I'm Cuckoo for Cuttings!

Sure it's almost seed starting time here, and my growing table in the basement is going to be packed with seed flats soon, but there's other stuff going on too.


Mainly propagation by cuttings. I take cuttings both to get more plants, but also to overwinter non-hardy plants in an efficient way. Let's take a look at what I've got going on...



Instead of just putting these cuttings into moist potting soil (2 years ago) or in a glass of water (last year) I decided to try something different. I took a small storage tub:


Dumped in some expanded clay pellets (the kind used for hydroponic growing):

These are not Cocoa Puffs

Then stuck the cuttings in and added some water:


My thinking with this is that the roots will not get all tangled together as they do when I jam a dozen cuttings into a glass of water. Plus each cutting gets more light.

We'll see if it's better than a glass of water. It certainly takes up a bit more of the valuable table space. Will it be worth it?

The Tradescantia cuttings are similar: I usually just take cuttings and let the plant die in the cold. This year I brought an entire hanging basket into the garage, so I could delay cutting time.


These were the first cuttings that I put into the clay pellets, since they have very curvy stems that don't work well in a glass of water. The Plectranthus may not need to grow this way (in the pellets), but these do.

For the first time I took rosemary and lavender cuttings:

Under a humidity-preserving cover.

I don't know if these will root, as the middle of winter is not exactly the best time to take cuttings here, but it's worth a try. If I wait until spring I'll be tempted to buy more of these, so I'd rather give it a go now and save some money (or spend it on plants I don't already have).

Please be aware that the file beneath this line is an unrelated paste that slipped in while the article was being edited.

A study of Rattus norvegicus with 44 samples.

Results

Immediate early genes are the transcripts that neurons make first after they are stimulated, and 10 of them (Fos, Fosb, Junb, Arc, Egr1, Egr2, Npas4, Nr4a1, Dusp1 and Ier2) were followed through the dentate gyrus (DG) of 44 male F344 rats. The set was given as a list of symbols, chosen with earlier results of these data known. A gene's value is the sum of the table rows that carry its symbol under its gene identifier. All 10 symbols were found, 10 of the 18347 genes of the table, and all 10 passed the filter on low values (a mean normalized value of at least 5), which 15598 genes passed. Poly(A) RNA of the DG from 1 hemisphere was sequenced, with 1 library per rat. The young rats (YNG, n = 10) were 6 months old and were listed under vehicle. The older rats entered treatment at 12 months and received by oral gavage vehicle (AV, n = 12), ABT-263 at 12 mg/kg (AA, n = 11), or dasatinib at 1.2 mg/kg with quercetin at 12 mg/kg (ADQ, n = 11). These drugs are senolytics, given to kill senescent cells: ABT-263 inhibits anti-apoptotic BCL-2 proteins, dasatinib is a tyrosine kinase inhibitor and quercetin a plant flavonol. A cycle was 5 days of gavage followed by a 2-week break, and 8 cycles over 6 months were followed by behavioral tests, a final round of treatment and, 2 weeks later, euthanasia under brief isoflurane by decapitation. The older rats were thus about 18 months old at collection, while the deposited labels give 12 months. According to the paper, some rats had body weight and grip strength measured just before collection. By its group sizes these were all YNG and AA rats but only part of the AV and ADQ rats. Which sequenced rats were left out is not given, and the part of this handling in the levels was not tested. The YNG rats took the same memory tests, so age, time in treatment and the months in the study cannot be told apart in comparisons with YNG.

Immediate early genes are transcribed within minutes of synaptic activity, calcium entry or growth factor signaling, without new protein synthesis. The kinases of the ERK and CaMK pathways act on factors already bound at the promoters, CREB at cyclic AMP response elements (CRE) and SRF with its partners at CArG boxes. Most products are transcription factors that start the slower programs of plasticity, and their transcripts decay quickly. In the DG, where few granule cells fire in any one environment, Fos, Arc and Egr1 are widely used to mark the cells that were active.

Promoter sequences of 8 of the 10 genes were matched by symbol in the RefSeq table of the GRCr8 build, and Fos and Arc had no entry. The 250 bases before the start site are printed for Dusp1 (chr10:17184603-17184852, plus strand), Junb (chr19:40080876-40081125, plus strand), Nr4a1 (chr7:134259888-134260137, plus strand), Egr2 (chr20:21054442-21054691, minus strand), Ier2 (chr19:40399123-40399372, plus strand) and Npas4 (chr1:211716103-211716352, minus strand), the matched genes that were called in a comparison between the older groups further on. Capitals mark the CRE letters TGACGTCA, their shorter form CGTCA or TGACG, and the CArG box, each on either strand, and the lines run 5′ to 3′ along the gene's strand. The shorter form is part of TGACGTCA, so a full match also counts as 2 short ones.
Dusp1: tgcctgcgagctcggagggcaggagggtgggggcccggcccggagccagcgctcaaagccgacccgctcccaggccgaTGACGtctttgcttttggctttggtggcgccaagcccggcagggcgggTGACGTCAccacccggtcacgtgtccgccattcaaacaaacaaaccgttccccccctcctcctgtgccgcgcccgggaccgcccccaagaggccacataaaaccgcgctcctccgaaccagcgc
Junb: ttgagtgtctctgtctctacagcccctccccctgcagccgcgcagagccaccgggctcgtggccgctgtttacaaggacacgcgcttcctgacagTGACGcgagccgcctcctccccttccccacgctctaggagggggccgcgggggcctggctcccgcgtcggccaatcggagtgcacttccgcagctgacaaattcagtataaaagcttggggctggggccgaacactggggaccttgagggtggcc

My neighbor inspired me to try the rosemary cuttings, as he took some too. We'll compare results and see if either of our techniques worked better. (It's not a competition.)


With all of the Plectranthus, rosemary, and lavender leaves left after stripping the lower parts of these stems, I had probably the most fragrant handful of garden scraps possible. Yum!

I also inadvertently took a cutting of my "firesticks":


Remember that it was quite large when I repotted it, and I've brushed up against it so many times in the garage I've broken a piece off. It quickly rooted, which surprised me a little -- other cuttings I've taken from this plant were slow rooters. This one is actively growing after just a month or so.

I forgot to take photos of the two Vigna caracalla (corkscrew vine) cuttings that I saved too. One thing I'll say about this: vines are not easy to overwinter under lights, as they reach a certain size and then go crazy! I think I'll let them do that and see if I can take even more cuttings from them before the winter is over.

I love making new plants from cuttings, especially over the winter!

Do you overwinter any cuttings?


This is a bit of a tantalising post. One immediately wants to know what happens next. No patience!

Maywyn  – (February 1, 2013 at 6:26 AM)  

Thanks for the first laugh of the day...not cocoa puffs. LOL!

Lancashire rose  – (February 1, 2013 at 6:54 AM)  

I shall be interested to hear how this works.I'm a cutting taker too, some I just root int he ground, like rosemary and germander and roses but it has been so dry this year they have not done well.